It’s a good thing I didn’t decide to become a novelist until I was in my late fifties. My ego couldn’t have taken it.
Of course, I don’t think I could have become one much sooner anyhow. Although I’d always wanted to write a novel—who hasn’t?—I’d never had the time and I’d never come up with a novel-worthy idea.
So much of what I put into my novels has resulted from whatever wisdom—well, whatever experience, anyhow—I’ve gained over the years.
The advice to write what you know about isn’t always valid, but it has been for me. As a Christian, a Preacher’s Kid, a happily married man (following an unhappy marriage), an amateur musician and song writer, and an all-around nice guy—all of those things have enabled me to write the books I write.
And it’s taken many years for those factors to meld into meaningful stories that have me in them, yet aren’t really about me at all. Maybe I’ll explain that someday in another post.
If I’d started writing novels twenty or twenty-five years ago, I would’ve still been so much under the influence of my former favorite author, James Michener, that I couldn’t have made the transition to the contemporary way of writing novels.
That means—among other things—no purple prose (it even sounds nasty, doesn’t it?). No starting with page after page of unnecessary backstory and setting. No writing so beautifully that it distracts the reader. And no compulsion to follow the rules of grammar. Of even the rules of writing, which seem to fluctuate—or at least to vary according to the expert being consulted.
If you recall how I began this post, I have to commend you for your patience. The one thing I haven’t mentioned since the first paragraph is ego.
I spent various parts of my life thinking of myself as a success. And other parts considering myself a failure. Now, in retirement, none of that matters very much.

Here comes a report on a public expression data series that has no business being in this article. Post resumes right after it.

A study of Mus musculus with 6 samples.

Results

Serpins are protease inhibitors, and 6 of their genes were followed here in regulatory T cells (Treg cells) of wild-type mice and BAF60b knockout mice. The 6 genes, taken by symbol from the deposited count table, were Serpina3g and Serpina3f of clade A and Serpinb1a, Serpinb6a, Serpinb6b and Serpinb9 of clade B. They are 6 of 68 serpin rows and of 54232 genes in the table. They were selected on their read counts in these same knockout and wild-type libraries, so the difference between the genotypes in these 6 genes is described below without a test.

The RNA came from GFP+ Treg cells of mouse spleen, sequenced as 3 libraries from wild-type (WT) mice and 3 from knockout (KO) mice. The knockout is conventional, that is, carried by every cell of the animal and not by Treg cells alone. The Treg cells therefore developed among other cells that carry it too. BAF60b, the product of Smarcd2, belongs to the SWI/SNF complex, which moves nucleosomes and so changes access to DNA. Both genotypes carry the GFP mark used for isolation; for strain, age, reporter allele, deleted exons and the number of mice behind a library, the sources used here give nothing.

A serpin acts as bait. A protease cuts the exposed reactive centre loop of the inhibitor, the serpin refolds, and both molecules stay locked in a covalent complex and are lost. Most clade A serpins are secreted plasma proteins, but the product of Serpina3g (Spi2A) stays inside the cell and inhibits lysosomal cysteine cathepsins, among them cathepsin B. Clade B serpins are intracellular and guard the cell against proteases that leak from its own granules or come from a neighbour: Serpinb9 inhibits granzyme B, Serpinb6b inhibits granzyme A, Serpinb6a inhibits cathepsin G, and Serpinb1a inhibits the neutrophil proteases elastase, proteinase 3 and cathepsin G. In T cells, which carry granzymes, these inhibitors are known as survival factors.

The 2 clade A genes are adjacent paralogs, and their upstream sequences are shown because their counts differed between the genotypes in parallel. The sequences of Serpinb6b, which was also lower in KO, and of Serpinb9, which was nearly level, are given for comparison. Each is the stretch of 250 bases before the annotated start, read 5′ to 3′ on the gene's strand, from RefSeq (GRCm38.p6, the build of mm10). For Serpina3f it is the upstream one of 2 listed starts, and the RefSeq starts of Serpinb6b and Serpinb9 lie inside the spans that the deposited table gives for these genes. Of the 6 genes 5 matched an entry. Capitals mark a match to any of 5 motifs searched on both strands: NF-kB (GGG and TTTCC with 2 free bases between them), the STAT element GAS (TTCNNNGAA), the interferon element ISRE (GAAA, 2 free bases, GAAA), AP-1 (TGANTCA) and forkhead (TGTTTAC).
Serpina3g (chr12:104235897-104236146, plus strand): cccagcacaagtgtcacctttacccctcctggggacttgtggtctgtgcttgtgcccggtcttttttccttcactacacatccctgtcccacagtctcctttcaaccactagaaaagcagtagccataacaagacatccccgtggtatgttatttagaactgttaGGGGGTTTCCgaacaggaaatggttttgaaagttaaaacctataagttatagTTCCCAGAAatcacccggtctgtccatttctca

Yes, I’m quite pleased that my first book, Found in Translation, sold 5,000 copies (the other 5,000 copies were remaindered off) and the second, Lost in Dreams, half that number.
But I could easily look at the hundreds of thousands of books my author friends have sold and feel insignificant. Fortunately, I put my writing in God’s hands, and I count on Him for the results He wants. I’m not sure I could have done that when I was younger.
Right now I’m experiencing what could have been an ego blow—if I’d let it. I’m reviewing the edits to one of my manuscripts made by the professional editor my current publisher has assigned it to. She is GOOD!
But what helps is that I’m open to her suggestions. Instead of feeling that she’s “plucking the pedal off my rose,” to use a quote from poet T. S. Elliott, I recognize that there’s a huge difference between my being a creative novelist and my insisting on having the final word on what will make my book the best it can be.
Out of the dozens of suggestions she’s made, especially regarding what to delete to bring the book down to a reasonable length (from 100,000 words to 80,000 or less), I have only insisted on keeping one very brief section she wanted to delete. But I knew how that section affected the story later, whereas she hadn’t gotten far enough to realize that. She won’t object.
Furthermore, she’s been so good about pointing out various things she REALLY likes. Amazing how far a positive attitude goes, isn’t it?
So her suggestions don’t come across as blows to my ego. I hope she’ll be my editor again in future ventures.
Please leave a comment if something in this post has spoken to you. I’ll be back again on Sunday. If you’d like to receive my posts by email, just go to “Follow Blog via Email” at the upper right.
By the way, “On Aging Gracelessly” isn’t my only blog. I use “As I Come Singing”—find it here-to post lyrics of the Christian songs I’ve written over the last fifty years. Free lead sheets (tune, words, and chords) are available for many of them. Check here to see the list.